A Catholic Monthly Magazine

Recognising the Child Jesus in the faces of little children

In Bethlehem, Jesus was born of the Virgin Mary. He was born, not by the will of man, but by the gift of the love of God our Father, who so loved the world that he gave his only-begotten Son, that whoever believes in him should not perish but have eternal life (John 3:16).

We have beheld his glory

The first people to see the humble glory of the Saviour, after Mary and Joseph, were the shepherds of Bethlehem. Those humble and watchful men are an example for believers of every age who, before the mystery of Jesus, are not scandalised by his poverty. Rather, like Mary, they trust in God’s word and contemplate his glory with simple eyes. Before the mystery of the Word made flesh, Christians in every place confess with the words of the Evangelist John: We have beheld his glory, glory as of the only-begotten Son from the Father, full of grace and truth (John 1:14).

Today, as the winds of war are blowing in our world and an outdated model of development continues to produce human, societal and environmental decline, Christmas invites us to focus on the sign of the Child and to recognize him in the faces of little children, especially those for whom, like Jesus, there is no place in the inn (Luke 2:7).

Seeing Jesus in the children

We see Jesus in the children of the Middle East who continue to suffer because of tensions between Israelis and Palestinians. On this festive day, let us ask the Lord for peace for Jerusalem and for all the Holy Land. Let us pray that the will to resume dialogue may prevail between the parties and that a negotiated solution can finally be reached, one that would allow the peaceful coexistence of two States within mutually agreed and internationally recognised borders.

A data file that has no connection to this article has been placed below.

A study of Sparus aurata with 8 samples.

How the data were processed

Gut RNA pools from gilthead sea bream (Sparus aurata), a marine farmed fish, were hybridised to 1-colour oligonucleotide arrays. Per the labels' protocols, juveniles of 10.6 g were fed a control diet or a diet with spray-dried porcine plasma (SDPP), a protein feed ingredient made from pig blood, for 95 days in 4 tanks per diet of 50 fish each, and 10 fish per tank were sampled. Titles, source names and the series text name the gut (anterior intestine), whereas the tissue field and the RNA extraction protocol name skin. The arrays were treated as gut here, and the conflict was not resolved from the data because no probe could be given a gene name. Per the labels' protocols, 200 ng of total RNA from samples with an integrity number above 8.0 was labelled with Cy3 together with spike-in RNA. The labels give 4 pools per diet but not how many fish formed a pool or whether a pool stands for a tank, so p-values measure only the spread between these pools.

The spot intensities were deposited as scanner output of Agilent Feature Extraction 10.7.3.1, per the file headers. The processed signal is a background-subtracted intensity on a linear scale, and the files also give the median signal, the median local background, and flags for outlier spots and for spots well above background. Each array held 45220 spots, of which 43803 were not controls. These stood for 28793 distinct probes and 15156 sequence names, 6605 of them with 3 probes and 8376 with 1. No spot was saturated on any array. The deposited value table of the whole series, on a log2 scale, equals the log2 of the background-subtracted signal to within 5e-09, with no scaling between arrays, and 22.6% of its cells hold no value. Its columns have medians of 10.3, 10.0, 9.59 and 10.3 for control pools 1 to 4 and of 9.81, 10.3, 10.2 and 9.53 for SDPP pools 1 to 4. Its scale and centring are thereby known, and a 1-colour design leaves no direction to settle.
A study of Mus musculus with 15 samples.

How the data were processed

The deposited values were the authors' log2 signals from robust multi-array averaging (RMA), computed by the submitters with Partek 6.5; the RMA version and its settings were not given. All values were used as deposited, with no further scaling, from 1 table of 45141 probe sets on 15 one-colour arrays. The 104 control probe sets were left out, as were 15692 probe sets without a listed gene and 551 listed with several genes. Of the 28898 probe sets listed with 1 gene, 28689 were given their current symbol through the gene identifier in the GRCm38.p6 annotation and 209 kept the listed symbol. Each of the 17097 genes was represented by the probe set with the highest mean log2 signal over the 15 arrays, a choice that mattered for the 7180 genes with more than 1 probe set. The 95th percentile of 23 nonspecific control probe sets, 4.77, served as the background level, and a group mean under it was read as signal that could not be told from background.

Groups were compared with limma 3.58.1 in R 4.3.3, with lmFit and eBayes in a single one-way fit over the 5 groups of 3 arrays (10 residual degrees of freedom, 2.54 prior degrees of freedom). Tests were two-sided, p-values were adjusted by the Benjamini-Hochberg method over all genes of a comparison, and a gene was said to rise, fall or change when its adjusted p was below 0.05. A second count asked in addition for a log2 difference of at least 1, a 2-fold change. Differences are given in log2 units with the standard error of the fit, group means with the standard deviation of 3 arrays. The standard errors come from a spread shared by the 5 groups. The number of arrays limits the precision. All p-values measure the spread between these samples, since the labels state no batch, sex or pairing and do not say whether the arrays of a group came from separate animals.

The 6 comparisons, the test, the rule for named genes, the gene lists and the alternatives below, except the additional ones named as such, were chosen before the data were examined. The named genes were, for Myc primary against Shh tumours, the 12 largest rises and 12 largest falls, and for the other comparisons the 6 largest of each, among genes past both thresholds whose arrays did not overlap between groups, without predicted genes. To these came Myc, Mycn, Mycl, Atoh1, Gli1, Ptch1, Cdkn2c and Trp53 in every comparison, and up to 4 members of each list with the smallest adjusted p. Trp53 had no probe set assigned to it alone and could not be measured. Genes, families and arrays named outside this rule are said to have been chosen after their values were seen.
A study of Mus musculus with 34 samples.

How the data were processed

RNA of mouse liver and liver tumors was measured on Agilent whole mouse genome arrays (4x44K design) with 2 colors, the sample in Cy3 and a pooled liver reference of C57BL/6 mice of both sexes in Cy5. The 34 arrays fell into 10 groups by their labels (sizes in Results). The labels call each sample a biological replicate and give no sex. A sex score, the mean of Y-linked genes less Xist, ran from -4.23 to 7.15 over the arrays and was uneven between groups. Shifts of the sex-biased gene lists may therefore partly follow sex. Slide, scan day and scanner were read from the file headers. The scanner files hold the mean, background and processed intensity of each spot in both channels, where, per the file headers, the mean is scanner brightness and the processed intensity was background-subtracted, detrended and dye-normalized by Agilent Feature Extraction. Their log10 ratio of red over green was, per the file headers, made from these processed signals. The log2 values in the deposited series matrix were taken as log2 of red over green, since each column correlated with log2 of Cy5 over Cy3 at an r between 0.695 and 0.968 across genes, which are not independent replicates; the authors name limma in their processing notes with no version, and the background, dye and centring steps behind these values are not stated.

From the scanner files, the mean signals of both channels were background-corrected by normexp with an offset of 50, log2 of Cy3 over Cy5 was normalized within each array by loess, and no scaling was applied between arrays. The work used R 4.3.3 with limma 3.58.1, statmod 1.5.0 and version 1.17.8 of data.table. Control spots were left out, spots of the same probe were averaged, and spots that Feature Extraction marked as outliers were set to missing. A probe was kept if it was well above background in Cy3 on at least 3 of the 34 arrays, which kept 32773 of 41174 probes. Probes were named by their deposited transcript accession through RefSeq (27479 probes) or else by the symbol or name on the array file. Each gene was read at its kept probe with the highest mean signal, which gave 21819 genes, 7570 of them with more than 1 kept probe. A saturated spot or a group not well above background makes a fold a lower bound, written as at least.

We see Jesus in the faces of Syrian children still marked by the war that, in these years, has caused such bloodshed in that country. May beloved Syria at last recover respect for the dignity of every person through a shared commitment to rebuild the fabric of society, without regard for ethnic and religious membership. We see Jesus in the children of Iraq, wounded and torn by the conflicts that country has experienced in the last fifteen years, and in the children of Yemen, where there is an ongoing conflict that has been largely forgotten, with serious humanitarian implications for its people, who suffer from hunger and the spread of diseases.

We see Jesus in the children of Africa, especially those who are suffering in South Sudan, Somalia, Burundi, Democratic Republic of Congo, Central African Republic and Nigeria.

We see Jesus in the children worldwide wherever peace and security are threatened by the danger of tensions and new conflicts. Let us pray that confrontation may be overcome on the Korean peninsula and that mutual trust may increase in the interest of the world as a whole. To the Baby Jesus we entrust Venezuela that it may resume a serene dialogue among the various elements of society for the benefit of all the beloved Venezuelan people. We see Jesus in children who, together with their families, suffer from the violence of the conflict in Ukraine and its grave humanitarian repercussions; we pray that the Lord may soon grant peace to this dear country.

We see Jesus in the children of unemployed parents who struggle to offer their children a secure and peaceful future. And in those whose childhood has been robbed and who, from a very young age, have been forced to work or to be enrolled as soldiers by unscrupulous mercenaries.

Refugee children

We see Jesus in the many children forced to leave their countries to travel alone in inhuman conditions and who become an easy target for human traffickers. Through their eyes we see the drama of all those forced to emigrate and risk their lives to face exhausting journeys that end at times in tragedy. Jesus knows well the pain of not being welcomed and how hard it is not to have a place to lay one’s head. May our hearts not be closed as they were in the homes of Bethlehem. 

This is an edited version of the Pope’s 2017 Christmas message.